When it comes to getting—and staying—active as a senior, the road can be difficult, especially if you suffer from joint pain, obesity, or another condition that may restrict your movement. While you may be quite well-versed in what’s good for your health, it can be hard to follow through. But, despite the growing obesity epidemic and prevalence of diabetes in America, seniors across the nation are getting healthier—just in time for National Senior Health & Fitness Day tomorrow, May 28.
When flipping through the health headlines last week, I came across a bit of good news (which can seem rare these days)—a report by the United Health Foundation and America’s Health Rankings on the health and wellness of America’s seniors. And it looks like our efforts to get healthy are paying off!
Two key findings of the report that I’d like to highlight are the reductions in inactivity and preventable hospitalizations. Compared to last year, physical inactivity declined to 28.7%, compared to 30.3% in 2013, and preventable hospitalizations dropped to 64.9 discharges per 1,000 from 66.6. Interestingly, both statistics suggest that seniors are taking their health into their own hands, becoming more responsible for their well-being before they require clinical care through exercise and an overall healthier lifestyle.
But while the report notes that we are making progress, there’s quite a ways to go. Chronic diseases linked to an unhealthy lifestyle and the prevalence of obesity are still challenges we need to face together—through our own efforts, national policies and programs, and community involvement. And what better time is there to take that next step than this Wednesday, May 28? In celebration of National Senior Health & Fitness Day, many community centers and senior support groups are throwing events to get active and promote a healthy lifestyle. See your local events calendar or newspaper to find out what’s going on in your neighborhood. If there doesn’t happen to be anything in your community, then take the opportunity to get together with some friends for a healthy lunch, brisk walk, or some light entertainment to boost your mental health.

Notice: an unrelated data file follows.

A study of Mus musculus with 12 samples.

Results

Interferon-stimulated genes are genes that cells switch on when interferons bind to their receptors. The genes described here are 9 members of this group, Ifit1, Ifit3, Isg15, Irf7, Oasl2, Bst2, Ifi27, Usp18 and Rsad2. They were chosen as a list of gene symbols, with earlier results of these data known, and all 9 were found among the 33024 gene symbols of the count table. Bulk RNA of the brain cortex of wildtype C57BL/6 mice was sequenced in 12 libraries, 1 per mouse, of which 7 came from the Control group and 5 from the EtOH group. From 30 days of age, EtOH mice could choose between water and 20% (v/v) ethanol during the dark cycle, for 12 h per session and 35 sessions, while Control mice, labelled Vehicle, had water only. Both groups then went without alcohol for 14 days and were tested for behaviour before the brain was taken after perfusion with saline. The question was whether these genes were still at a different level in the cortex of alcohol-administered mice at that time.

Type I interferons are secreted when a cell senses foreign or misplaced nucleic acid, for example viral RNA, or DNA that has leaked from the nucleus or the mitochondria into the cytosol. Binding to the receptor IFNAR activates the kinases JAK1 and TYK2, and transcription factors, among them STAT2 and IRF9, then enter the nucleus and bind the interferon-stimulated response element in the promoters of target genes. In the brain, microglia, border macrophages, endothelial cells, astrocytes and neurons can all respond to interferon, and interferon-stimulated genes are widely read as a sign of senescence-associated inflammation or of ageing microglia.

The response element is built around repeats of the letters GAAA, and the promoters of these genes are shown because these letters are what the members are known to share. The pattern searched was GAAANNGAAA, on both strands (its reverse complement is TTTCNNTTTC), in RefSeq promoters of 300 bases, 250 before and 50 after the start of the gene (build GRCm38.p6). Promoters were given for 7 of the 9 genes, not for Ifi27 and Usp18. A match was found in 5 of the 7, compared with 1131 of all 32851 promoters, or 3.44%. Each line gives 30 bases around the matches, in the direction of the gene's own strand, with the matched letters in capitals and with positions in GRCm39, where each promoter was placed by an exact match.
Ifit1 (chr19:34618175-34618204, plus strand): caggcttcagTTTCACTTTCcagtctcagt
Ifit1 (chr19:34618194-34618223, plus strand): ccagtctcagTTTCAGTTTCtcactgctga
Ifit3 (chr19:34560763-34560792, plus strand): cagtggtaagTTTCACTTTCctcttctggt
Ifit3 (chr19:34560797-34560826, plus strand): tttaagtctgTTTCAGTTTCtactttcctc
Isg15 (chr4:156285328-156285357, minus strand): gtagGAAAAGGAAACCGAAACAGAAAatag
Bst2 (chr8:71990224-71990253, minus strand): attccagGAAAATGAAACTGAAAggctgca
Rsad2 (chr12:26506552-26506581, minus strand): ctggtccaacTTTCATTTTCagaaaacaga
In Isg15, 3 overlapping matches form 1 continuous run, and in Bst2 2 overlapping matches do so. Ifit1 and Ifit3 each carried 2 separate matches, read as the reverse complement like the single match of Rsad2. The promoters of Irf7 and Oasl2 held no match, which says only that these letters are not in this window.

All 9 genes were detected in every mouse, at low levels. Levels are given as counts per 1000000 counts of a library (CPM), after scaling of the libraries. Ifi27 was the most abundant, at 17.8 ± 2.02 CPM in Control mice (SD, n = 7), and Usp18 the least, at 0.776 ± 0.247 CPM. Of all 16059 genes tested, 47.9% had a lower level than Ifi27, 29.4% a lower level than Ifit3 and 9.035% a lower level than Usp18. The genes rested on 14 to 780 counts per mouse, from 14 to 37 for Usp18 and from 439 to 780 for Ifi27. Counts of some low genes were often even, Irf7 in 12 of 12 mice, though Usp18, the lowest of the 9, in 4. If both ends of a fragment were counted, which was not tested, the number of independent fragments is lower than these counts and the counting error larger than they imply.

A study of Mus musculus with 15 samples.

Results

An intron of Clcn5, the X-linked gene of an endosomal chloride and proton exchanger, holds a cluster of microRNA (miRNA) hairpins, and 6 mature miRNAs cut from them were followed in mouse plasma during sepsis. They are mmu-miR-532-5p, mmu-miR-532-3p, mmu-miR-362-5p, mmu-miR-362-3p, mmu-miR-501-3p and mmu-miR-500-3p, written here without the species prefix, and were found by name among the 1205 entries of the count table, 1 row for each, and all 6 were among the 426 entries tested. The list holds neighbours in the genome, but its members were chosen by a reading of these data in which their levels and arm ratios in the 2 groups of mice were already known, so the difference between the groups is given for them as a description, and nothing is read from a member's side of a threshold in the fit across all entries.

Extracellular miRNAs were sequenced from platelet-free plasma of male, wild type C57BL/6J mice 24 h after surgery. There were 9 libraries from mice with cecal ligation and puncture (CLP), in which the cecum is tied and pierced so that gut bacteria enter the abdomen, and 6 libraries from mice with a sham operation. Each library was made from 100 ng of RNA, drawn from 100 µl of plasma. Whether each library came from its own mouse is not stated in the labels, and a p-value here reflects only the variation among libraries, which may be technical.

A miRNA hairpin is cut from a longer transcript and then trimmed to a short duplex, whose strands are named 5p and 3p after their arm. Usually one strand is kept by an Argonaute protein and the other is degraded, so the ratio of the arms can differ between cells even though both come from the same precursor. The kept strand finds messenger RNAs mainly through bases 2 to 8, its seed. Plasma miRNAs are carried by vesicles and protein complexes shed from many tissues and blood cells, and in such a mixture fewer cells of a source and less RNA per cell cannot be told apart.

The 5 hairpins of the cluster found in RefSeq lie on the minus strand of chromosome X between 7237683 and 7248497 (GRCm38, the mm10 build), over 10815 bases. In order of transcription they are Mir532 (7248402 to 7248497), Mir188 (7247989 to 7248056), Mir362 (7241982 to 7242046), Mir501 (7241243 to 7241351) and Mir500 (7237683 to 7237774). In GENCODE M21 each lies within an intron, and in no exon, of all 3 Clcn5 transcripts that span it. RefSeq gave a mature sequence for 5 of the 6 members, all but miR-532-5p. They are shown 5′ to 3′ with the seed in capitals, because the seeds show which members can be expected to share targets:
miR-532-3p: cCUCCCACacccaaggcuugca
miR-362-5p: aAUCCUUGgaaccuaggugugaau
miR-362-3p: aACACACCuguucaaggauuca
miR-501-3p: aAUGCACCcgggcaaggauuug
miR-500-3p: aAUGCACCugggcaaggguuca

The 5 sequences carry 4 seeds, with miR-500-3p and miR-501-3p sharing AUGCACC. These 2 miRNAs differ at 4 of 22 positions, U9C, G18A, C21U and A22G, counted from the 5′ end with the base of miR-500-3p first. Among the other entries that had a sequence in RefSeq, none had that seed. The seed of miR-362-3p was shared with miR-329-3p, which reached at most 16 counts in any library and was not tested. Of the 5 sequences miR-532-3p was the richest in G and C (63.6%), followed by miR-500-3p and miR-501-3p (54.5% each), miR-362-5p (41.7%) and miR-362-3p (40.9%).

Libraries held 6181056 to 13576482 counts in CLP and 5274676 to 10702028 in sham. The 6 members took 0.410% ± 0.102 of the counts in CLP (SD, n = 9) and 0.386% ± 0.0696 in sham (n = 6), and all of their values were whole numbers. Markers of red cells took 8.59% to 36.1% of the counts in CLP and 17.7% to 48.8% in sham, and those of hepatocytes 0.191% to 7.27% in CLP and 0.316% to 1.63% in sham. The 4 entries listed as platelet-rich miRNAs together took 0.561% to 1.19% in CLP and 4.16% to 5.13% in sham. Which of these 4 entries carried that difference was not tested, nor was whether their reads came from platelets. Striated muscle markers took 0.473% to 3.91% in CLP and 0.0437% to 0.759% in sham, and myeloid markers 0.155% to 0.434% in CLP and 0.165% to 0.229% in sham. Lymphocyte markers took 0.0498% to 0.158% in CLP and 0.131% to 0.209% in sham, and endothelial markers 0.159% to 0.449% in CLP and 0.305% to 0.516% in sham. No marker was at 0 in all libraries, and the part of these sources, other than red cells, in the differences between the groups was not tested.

Looking to get started with a regular fitness routine? A safe, simple way to start exercising is to try an aquafit class or some lane swimming. Most fitness centers will offer senior rates and midday classes that may be less intimidating to attend if you’re a first-timer. And when it comes to lane swimming, start by going at your own pace. Once you’ve gone a few times, your body will start to loosen up, allowing you to do a few more laps. This is a great option if you have sore joints or are looking to lose some excess weight.
If you want to strengthen your legs and improve your balance, some simple leg raises can help you get started. Simply stand straight and slowly raise one leg to the side, toe pointed; extend it as far as you comfortably can and hold before slowly lowering it back to the floor. If you find your balance is a little off to begin with, place your hand on a sturdy chair or table for safety.
Finally, some other low-impact, low-intensity forms of exercise you can try are tai chi, yoga, or a simple stretching class. All three will help you become loose and limber, while improving your balance and overall core strength. The best way to get involved in these forms of exercise is to take a class; encourage a friend to go with you for some moral support or simply to keep you motivated.
Whatever you choose, be sure to put safety first; don’t overexert yourself. Start with a low-impact activity and work your way up.
Sources for Today’s Article:
“America’s Health Rankings Senior Report, United Health Foundation: A Call to Action for Individuals and Their Families, 2013 Edition,” America’s Health Rankings web site, May 2013; http://cdnfiles.americashealthrankings.org/SiteFiles/SeniorDownloads/Americas_Health_Rankings_Senior_Edition_2013_final.pdf, last accessed May 26, 2014.
“America’s Health Rankings Senior Report, United Health Foundation: A Call to Action for Individuals and Their Families, 2014 Edition,” America’s Health Rankings web site, May 2014; http://cdnfiles.americashealthrankings.org/SiteFiles/SeniorDownloads/AHR-Senior-Report-2014.pdf.
“United Health Foundation’s America’s Health Rankings Senior Report Finds Seniors Are Improving in Key Health Measures,” United Health Foundation web site, May 21, 2014; http://www.unitedhealthfoundation.org/News/Articles/Feeds/2014/0521AHRSeniorReport.aspx?p=1&.